Film industry site Moviepilot walks us through how—and why—they're using Facebook Instant Articles.

[Photo: courtesy of Moviepilot]

The last few times you’ve used Facebook, there’s a good chance you noticed something different. Lots of different publishers, including big names like the Washington Post, are now publishing full-length content directly to Facebook. The program, called Instant Articles, is designed for mobile users. It pushes full articles directly to Facebook, meaning that users get to see articles without ever leaving the Facebook app, and Facebook gains access to the sweet, sweet advertising money surrounding the content. Fast Company recently met with one of the publishers using Instant Articles for an in-depth look at how—and why—it uses the platform.

Moviepilot is a film-industry news site that features crowdsourced articles from a readership of approximately 30 million. Jon Handschin, the company’s cofounder and chief creative officer, describes the process as "the beginning of a journey." Publications work out agreements with Facebook that let them use the instant publisher platform; as of press time, publications need to contact Facebook to apply.

To users, stories published on Facebook don’t look too different from what you’d see on Moviepilot’s mobile page. The biggest differences are the design and interface—as pages load rapidly on mobile, everything shows up in Facebook’s clean aesthetic. Facebook is rolling out the platform for all iOS users, and for Android shortly.

"We're at the beginning of learning what we can do with it," Handschin told Fast Company. While the current number of Moviepilot articles published on Facebook Instant is very small, he expects to publish all the site's content on Facebook by the end of 2015. Publishers choose the articles they allow to run instantly on Facebook, and the decision to publish a small number of articles or a large number is entirely up to them.

Rather than using a separate content management system (CMS), Facebook Instant articles are automatically published based on a media company’s existing CMS through the magic of HTML 5. For their part, Facebook has been aggressively giving tips and best practices to publishers like Moviepilot. The social media giant offers a workflow that more or less instantly converts content into Instant Articles format.

For Moviepilot, which relies on fan-written stories from a large user community as well as their staffers, the process is a bit more complicated than it would be at another publication. The company offers users a proprietary CMS, and handpicked articles are then exported from their CMS into Facebook Instant Articles. Things become much trickier with the remaining 400 daily posts authored within their content system, since individual posts have to be checked in order to make sure they show up correctly in Facebook's app.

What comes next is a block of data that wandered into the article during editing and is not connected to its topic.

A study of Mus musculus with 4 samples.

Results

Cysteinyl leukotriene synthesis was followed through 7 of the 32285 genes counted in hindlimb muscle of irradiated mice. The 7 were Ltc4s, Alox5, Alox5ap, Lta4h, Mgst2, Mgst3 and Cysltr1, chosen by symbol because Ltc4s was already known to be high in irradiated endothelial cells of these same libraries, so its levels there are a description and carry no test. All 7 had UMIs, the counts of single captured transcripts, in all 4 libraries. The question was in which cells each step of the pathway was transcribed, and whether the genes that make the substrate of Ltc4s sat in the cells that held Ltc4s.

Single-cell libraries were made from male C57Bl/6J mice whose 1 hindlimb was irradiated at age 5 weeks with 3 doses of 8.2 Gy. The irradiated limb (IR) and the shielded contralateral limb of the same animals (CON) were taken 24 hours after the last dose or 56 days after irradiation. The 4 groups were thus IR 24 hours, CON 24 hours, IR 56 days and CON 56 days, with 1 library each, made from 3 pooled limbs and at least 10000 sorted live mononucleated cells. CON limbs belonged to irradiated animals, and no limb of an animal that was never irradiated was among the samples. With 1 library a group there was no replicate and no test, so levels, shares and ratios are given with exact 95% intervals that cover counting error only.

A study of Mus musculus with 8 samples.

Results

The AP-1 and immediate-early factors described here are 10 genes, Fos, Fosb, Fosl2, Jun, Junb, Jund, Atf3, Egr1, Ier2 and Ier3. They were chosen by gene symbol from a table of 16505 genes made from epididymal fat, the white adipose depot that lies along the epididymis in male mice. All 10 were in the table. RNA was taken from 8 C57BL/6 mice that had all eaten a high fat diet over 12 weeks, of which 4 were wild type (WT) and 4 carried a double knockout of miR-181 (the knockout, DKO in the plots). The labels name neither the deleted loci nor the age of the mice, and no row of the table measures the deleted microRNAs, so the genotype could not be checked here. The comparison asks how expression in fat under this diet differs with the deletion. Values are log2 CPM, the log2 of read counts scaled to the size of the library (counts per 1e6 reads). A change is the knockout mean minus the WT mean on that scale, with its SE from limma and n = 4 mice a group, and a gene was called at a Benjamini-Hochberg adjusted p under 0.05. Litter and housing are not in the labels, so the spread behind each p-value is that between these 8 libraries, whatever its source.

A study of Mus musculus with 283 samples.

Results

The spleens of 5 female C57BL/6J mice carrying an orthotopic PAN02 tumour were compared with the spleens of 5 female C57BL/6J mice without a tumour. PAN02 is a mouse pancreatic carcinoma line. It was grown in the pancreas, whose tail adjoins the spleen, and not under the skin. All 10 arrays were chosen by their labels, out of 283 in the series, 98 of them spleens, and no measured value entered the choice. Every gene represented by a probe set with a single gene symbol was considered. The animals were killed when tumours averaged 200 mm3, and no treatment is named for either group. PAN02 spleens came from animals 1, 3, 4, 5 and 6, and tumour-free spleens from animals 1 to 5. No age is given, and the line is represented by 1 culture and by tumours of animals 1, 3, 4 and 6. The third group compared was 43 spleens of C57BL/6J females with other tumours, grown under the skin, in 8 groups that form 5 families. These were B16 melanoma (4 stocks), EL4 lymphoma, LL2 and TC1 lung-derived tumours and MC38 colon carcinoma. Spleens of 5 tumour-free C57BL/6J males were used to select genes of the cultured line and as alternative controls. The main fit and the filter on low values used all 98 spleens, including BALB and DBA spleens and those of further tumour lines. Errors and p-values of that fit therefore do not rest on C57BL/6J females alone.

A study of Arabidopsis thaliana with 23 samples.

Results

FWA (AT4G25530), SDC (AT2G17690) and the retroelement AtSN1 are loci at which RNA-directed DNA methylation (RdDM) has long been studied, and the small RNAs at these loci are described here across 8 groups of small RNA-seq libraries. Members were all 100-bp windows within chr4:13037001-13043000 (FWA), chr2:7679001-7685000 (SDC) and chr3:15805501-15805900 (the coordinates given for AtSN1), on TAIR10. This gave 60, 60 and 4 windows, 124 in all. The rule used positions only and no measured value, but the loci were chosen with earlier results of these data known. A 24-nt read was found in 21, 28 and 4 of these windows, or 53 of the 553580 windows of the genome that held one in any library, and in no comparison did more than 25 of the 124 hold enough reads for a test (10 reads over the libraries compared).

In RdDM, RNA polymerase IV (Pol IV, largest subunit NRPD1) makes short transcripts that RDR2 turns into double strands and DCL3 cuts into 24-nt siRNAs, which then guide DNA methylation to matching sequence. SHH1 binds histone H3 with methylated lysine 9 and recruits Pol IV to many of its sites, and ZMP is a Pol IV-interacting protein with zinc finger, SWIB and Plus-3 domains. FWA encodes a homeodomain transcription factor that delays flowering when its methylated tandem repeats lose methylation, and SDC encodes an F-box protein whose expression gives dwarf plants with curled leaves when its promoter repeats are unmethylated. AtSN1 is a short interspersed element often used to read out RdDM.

Instant Articles, and the media outlets like Moviepilot and the Washington Post that use it, are also at the center of an ongoing discussion about the future of Internet and mobile advertising. Google recently released a rival platform called Accelerated Mobile Pages that makes mobile web pages load more quickly. Partners on that initiative also include the Washington Post, along with Vox Media’s stable of sites, Buzzfeed, and the Guardian. Naturally enough given the Facebook competition, Accelerated Mobile Pages’s content is designed to load quickly through Twitter.

Moviepilot relies on advertising to turn a profit, and Handshcin wondered at the (still unclear) benefits of advertising through Facebook Instant Articles. "I think the biggest change is obviously advertising," he told me. "We use different programmatic advertisers, and I think it’s one big disadvantage from the publisher’s perspective that you can only use Facebook’s programmatic." With programmatic advertising, advertisers bid using algorithms; it is the familiar form of web advertising that usually beams content related to a user's past web browsing habits or partially completed online purchases.

However, he was quick to add that Facebook has "to give publishers room to put in other types of advertisements because it’s the profit model for us. Native advertising is a play in that market as well, and Facebook understands it."

Publishers who use Facebook’s platform currently have two revenue options: Either filling display ad inventory themselves and keeping 100% of the revenue, or offering 30% revenue to Facebook in exchange for letting Facebook handle placement. Andrew Waber of Marketing Land notes that this makes Facebook into an even more influential advertising player.

In the meantime, Handschin is enthusiastic about Facebook Instant Articles. He feels it will encourage traffic to his site and help them grow. His company recently completed a mobile relaunch called Moviepilot Magazine that's closely tied to the Facebook Instant rollout, and he couldn’t be happier about the platform. Behind the scenes, Google and Facebook will keep on fighting for that mobile content dollar.